Dozens of dogs have died of parvovirus in central and northern Michigan in the past month.
State authorities have identified the mysterious illness that has killed dozens of dogs in central and northern Michigan.
The dogs were infected with parvovirus, a highly contagious, life-threatening viral disease that commonly causes gastrointestinal illness in puppies, according to the Michigan Department of Agriculture and Rural Development.
The illness baffled veterinarians because tests on infected dogs were coming back negative for parvovirus.
“This situation is complex because although the dogs displayed clinical signs suggestive of parvovirus, they consistently test negative by point-of-care tests performed in clinics and shelters,” Kim Dodd, director of the Michigan State University Veterinary Diagnostic Laboratory, said in a statement Wednesday. “Screening tests for parvo are done to help guide immediate isolation, disinfection, and treatment protocols. While those tests are valuable in the clinical setting, they are not as sensitive as the diagnostic tests we can perform here in the laboratory. We continue to further characterize the virus in hopes of better understanding why those animals were testing negative on screening tests.”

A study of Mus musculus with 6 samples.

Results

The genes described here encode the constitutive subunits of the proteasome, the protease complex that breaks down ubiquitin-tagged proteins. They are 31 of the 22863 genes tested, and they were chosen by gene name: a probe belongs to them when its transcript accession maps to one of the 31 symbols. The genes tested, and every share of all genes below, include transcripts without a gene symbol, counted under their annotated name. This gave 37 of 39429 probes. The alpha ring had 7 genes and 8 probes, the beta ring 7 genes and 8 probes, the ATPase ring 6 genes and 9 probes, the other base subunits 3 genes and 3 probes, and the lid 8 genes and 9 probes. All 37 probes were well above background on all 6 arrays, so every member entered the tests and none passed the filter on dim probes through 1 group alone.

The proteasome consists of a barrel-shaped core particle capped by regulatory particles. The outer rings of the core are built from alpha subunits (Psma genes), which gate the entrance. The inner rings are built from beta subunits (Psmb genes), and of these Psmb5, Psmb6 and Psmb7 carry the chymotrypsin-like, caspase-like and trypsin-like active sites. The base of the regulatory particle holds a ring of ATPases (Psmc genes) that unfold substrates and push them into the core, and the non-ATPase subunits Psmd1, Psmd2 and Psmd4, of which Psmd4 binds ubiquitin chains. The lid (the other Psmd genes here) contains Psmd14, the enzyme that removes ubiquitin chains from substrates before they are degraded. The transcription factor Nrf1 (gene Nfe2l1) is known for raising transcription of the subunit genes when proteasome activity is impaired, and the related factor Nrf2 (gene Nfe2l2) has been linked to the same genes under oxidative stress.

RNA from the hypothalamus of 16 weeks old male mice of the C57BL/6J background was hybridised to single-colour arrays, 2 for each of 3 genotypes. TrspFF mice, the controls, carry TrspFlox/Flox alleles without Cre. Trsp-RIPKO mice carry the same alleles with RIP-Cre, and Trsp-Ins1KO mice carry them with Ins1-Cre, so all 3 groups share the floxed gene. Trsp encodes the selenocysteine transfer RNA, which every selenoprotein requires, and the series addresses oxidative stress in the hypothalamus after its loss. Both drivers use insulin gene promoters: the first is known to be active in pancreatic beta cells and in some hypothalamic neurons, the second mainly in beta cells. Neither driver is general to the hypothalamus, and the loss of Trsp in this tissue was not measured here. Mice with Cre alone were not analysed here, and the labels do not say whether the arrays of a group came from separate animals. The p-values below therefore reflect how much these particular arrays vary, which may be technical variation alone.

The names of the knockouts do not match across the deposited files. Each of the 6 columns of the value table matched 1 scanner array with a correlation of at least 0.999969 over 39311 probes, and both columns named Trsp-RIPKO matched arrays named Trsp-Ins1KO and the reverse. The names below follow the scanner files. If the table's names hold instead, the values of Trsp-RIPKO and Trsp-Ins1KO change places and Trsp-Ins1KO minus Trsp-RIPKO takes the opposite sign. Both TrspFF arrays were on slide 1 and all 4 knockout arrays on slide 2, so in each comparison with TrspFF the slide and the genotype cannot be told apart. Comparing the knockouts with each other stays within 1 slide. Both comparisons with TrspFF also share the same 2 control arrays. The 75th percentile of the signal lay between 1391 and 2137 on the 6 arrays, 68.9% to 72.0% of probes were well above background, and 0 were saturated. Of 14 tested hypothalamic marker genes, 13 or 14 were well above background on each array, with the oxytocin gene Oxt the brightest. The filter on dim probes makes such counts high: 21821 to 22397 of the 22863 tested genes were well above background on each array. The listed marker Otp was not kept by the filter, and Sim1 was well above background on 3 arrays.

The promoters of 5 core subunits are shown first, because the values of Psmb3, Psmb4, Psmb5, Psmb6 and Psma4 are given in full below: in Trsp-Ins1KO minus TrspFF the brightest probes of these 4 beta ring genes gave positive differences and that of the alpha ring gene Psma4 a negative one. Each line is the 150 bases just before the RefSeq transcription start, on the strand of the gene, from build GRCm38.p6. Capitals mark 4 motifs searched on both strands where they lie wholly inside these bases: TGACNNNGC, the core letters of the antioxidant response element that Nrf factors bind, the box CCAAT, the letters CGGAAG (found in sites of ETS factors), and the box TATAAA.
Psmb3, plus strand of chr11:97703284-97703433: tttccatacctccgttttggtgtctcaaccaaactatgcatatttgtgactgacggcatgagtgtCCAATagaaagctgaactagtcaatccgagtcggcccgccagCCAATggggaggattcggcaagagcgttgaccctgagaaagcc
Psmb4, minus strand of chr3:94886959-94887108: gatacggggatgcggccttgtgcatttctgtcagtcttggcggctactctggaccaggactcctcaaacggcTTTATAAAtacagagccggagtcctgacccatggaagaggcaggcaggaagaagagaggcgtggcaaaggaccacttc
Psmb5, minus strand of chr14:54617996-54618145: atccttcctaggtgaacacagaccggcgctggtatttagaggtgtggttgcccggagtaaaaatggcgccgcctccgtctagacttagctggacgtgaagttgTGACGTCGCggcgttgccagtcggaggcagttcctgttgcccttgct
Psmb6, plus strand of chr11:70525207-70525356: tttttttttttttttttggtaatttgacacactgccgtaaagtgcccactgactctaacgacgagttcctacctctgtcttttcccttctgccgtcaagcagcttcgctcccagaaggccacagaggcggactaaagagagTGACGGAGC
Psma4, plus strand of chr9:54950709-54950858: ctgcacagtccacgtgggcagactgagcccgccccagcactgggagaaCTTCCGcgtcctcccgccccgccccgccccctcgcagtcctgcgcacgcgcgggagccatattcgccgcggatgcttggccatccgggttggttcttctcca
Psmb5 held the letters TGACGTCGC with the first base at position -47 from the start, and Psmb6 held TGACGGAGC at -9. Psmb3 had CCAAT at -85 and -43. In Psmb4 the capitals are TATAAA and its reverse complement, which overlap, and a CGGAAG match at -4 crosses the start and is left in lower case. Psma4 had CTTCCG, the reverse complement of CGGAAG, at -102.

The illness was first detected in Ostego and Clare counties, where more than 50 dogs had died as of Monday. Most of the fatalities were puppies and elderly dogs.
Symptoms for parvovirus are vomiting, bloody diarrhea, lethargy, and loss of appetite. It can quickly become fatal.
State Veterinarian Nora Wineland encouraged pet owners to get their dogs vaccinated and properly boosted.
“Canine parvovirus is a severe and highly contagious disease in dogs and veterinary professionals have extensive experience with this virus," Wineland said. “We have a highly effective vaccine available to help protect dogs from the virus. Dogs that are not fully vaccinated against this virus are the most at risk. Dog owners across Michigan must work closely with their veterinarians to ensure their dogs are appropriately vaccinated and given timely boosters to keep their pets safe and healthy. Protecting Michigan’s dogs is a team effort.”